If only it was..... 
If being healthy was easy, I wouldn’t be a Personal Trainer, nobody would, because there would be no need for this profession.  
Throughout the land people would gleefully push themselves through burpees, press ups, squats, lifts and get some milage in for cardio in their spare time. In my own city of Hull there would be a crowd of people on Hessle Foreshore every morning regardless of the weather sprinting up the steps and fighting for space for a kettlebell workout. 
Most fast-food chains would be closed, the healthy population might have the odd pizza now and then, but most of their diet would consist of broccoli and kale, farmers would be struggling to produce enough veg to sustain the population and this would be even more of a challenge as farmers try to find time to tend to the crops in-between the joy of press ups. 
The NHS would exist only to treat non-lifestyle related illness, mostly certain cancers, and accidents, which means far fewer nurses and far less doctors required. 
But of course, health isn’t easy, as much as certain supplement companies and certain diet gurus might have us beleive, because if it was, it would also be meaningless. Nothing of true value is ever gained without some kind of trial and tribulation, good results are a product of hard work and there are no short cuts, and the reason I have been able to pay the bills with my super PT skills for nearly two decades now is because people need to pay someone to make them exercise, and to hold them accountable and to pester and check on them often to ensure they’re eating well and living well. 
It’s a rare day when clients tell me how much they love an exercise, to which I’m thankful, because if they are enjoying it then it’s probably not doing them much good, either that or they are in need of urgent psychiatric support.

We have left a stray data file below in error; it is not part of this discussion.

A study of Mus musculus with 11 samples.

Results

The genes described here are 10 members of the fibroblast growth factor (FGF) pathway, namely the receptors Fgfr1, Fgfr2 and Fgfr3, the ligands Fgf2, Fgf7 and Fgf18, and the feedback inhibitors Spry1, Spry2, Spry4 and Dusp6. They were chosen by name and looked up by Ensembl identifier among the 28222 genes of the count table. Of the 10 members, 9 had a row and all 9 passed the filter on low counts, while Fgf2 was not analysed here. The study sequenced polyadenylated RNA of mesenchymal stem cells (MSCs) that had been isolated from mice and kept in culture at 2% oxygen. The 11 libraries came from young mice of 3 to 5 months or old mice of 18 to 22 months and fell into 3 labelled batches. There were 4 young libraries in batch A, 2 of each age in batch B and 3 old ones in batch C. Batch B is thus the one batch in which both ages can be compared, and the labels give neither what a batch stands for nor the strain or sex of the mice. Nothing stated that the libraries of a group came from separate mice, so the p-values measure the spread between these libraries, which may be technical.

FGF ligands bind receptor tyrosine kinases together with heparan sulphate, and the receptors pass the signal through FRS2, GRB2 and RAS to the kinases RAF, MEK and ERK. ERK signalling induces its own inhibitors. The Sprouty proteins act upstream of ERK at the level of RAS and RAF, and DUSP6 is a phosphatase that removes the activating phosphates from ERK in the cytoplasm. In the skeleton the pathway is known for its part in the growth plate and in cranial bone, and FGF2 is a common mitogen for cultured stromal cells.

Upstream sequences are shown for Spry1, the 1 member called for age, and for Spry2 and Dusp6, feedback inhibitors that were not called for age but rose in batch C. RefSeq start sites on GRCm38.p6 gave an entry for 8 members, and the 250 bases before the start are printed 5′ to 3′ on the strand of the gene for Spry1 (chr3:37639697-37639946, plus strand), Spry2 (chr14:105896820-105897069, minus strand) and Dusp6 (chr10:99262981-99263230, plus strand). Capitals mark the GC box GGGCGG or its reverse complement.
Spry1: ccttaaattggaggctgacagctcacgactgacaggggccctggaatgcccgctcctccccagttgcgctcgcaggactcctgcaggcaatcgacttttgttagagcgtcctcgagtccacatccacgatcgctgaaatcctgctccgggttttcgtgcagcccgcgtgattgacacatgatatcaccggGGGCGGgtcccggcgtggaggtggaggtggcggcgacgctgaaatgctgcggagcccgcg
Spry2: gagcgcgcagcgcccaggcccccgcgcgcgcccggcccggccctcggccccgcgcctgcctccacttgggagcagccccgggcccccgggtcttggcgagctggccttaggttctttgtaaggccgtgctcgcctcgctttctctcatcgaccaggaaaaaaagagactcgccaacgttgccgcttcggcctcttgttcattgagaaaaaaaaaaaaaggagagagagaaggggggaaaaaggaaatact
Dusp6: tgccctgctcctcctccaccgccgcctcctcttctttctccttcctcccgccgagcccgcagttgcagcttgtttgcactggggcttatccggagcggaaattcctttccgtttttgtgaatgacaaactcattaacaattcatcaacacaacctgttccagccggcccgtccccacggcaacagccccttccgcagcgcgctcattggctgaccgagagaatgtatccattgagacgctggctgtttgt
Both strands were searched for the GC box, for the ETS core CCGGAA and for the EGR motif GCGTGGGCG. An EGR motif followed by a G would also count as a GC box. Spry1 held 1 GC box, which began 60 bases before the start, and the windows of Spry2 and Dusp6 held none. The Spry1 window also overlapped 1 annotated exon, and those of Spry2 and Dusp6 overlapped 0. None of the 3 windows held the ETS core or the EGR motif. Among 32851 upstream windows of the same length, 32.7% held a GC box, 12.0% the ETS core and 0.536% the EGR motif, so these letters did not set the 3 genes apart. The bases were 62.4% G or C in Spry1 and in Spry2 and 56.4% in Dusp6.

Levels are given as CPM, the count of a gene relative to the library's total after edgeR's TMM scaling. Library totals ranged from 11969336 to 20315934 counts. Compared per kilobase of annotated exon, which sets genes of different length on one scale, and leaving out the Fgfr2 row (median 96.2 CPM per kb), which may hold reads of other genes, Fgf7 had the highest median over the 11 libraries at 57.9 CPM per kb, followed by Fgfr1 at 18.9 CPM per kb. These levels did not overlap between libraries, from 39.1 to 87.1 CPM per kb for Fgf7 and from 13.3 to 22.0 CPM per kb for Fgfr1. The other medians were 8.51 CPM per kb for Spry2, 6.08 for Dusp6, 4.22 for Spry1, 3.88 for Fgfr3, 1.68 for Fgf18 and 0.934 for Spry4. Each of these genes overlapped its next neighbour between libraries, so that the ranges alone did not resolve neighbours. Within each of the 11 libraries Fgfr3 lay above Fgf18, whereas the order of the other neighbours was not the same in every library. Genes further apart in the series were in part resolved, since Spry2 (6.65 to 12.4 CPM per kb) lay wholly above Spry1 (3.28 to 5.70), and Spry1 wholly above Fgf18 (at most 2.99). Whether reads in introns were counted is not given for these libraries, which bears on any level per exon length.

Beneficial exercise is challenging, it hurts, the muscles fatigue and burn and the brain is screaming at you to stop. 
Diets make no sense at all to our brains, we have evolved to store calories whenever they are available, if we see food, we want it, marketing companies know this only too well. 
But just because health isn’t easy doesn’t mean it’s impossible or even that hard. 
The key is to find your tolerance, the level of discomfort you can take, the right exercise for you based on your ability, fitness, and physical wellness. 
Squatting twice your bodyweight is probably too much for most people, squatting deep as comfortably possible without pain with just bodyweight for about ten reps is enough for most of the general population to feel a little sore for a day afterwards. Making gains and getting fitter is just a matter of upping the ante, so maybe two sets of bodyweight squats two days later, three sets two days after that, maybe more reps then? Or add some weight? 
A 600-calorie diet is a great way to lose a lot of weight, but for most people it sucks more than a “experience day” on the front line of Ukraine. 1500 calories might mean losing weight more slowly, but if it means you can stick to it then it’ll be more successful than a lower calorie diet. 
The trick is always to find your tolerance, and then push it a little, build confidence in your own ability, prove what you can do. This is how I help people get in great shape, one step at time, without being a shouty bully type Personal Trainer, but helping clients feel empowered and in control as they take things at their own pace and with my guidance. 
Because whilst being healthy isn’t easy, its absolutely worth it. Whilst I’m charging by the hour, the benefits of what I do with clients go way beyond the time I spend with them each week. 
What they are really paying me for is to feel much more energetic, pain free, to feel more confident in better fitting smaller clothes. Healthier people perform better at work, as parents, as partners, and they can keep on performing better for longer. 
Whilst exercise might suck, the thing that sucks more is not being able to do it. 
Attaining good health isn’t easy, keeping it might even be even more challenging, but it’s well worth the investment.